Aedas’ recent exhibition demonstrates that in the world of design, the process means as much as the end, Christie Lee writes.
The most recent edition of Aedas’ ‘Think Tank’, an annual design boot camp that gathers selected architects from around the globe for creative exchange, saw the Hong Kong-based architecture firm team up with London-based furniture company Channels to produce five bookshelf prototypes.
Split into 5 teams, 20 designers were given 36 hours to come up with the prototype. Their raw materials? An assortment of medium density fibreboards and accessories.
These prototypes were exhibited as part of Aedas’s “Zero to One” exhibition at The Rotunda in Exchange Square from 11 to 14 February, alongside a series of illustrations covering the design process behind some of the firm’s most notable projects.
Appearing to stay afloat in mid-air, The Globe pays tribute to Aedas’ global reach. The stand, which splits the shelf at its axis, is actually a mirror, which is reflective of the intricate connection between Mother Earth, its people and the designers.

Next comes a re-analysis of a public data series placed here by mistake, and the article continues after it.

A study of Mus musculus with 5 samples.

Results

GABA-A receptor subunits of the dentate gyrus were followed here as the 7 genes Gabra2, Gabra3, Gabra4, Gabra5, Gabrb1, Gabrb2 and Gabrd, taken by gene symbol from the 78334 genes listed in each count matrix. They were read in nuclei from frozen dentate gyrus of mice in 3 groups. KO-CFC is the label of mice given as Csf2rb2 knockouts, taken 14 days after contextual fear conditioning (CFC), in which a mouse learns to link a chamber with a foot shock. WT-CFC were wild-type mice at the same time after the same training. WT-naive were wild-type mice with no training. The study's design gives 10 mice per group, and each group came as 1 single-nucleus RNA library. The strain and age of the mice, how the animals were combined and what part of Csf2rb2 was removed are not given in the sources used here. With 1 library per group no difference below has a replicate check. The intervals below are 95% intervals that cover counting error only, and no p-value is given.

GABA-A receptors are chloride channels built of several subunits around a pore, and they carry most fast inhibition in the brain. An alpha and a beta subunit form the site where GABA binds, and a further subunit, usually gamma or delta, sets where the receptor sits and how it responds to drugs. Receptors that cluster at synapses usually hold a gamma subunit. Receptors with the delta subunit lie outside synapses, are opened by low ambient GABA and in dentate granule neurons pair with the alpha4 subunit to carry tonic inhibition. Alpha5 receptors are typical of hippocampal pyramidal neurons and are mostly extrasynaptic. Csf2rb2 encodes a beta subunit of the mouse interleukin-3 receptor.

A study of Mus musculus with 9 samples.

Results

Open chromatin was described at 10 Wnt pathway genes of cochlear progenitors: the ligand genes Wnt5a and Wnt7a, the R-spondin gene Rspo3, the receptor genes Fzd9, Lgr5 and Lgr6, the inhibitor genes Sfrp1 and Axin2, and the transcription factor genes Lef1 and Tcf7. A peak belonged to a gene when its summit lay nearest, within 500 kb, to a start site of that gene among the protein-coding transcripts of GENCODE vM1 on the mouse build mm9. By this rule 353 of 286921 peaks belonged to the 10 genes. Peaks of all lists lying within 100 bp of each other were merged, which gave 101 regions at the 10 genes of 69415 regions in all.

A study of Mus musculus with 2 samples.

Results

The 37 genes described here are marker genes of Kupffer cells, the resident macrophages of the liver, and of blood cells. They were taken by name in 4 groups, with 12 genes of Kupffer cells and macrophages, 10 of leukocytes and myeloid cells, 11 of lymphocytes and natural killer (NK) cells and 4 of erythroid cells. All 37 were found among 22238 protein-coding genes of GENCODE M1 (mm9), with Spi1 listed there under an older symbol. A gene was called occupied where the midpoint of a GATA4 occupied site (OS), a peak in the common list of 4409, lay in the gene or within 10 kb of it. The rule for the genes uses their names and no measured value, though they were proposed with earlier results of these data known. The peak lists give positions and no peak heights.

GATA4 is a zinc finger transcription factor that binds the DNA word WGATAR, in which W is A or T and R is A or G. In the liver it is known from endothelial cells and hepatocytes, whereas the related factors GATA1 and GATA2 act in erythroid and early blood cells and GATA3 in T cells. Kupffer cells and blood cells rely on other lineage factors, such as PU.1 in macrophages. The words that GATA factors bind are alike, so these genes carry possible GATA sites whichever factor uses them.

Watersports brings to mind freedom and The Surfer is precisely that. Mimicking the movement of waves, the flowing and interconnecting lines are a reminder that an architect must work in tandem with nature.
Taking inspiration from minimalist architectural geometry, the Magic Box looks like nothing more than a sturdy bookshelf at first glance, but when placed horizontally, transforms into a table case, thus speaking to the flexibility required in contemporary furniture design.
Doubling up as a shelf and screen, Infinity is made up of three modules, which can be arranged in a myriad ways. Aside from a nod to the boundless imagination of an architect, Infinity is also a reminder of an architect’s responsibility to adapt to the times.
Behind the extravagant title of Sollevamento da Vinci lies an equally elaborate pulley mechanism. Designed to lift individual volumes, Sollevamento makes the process of scouring the shelf at once whimsical and dramatic. It’s a reminder that sometimes, a bit of fun goes a long way, even in a serious discipline like architecture.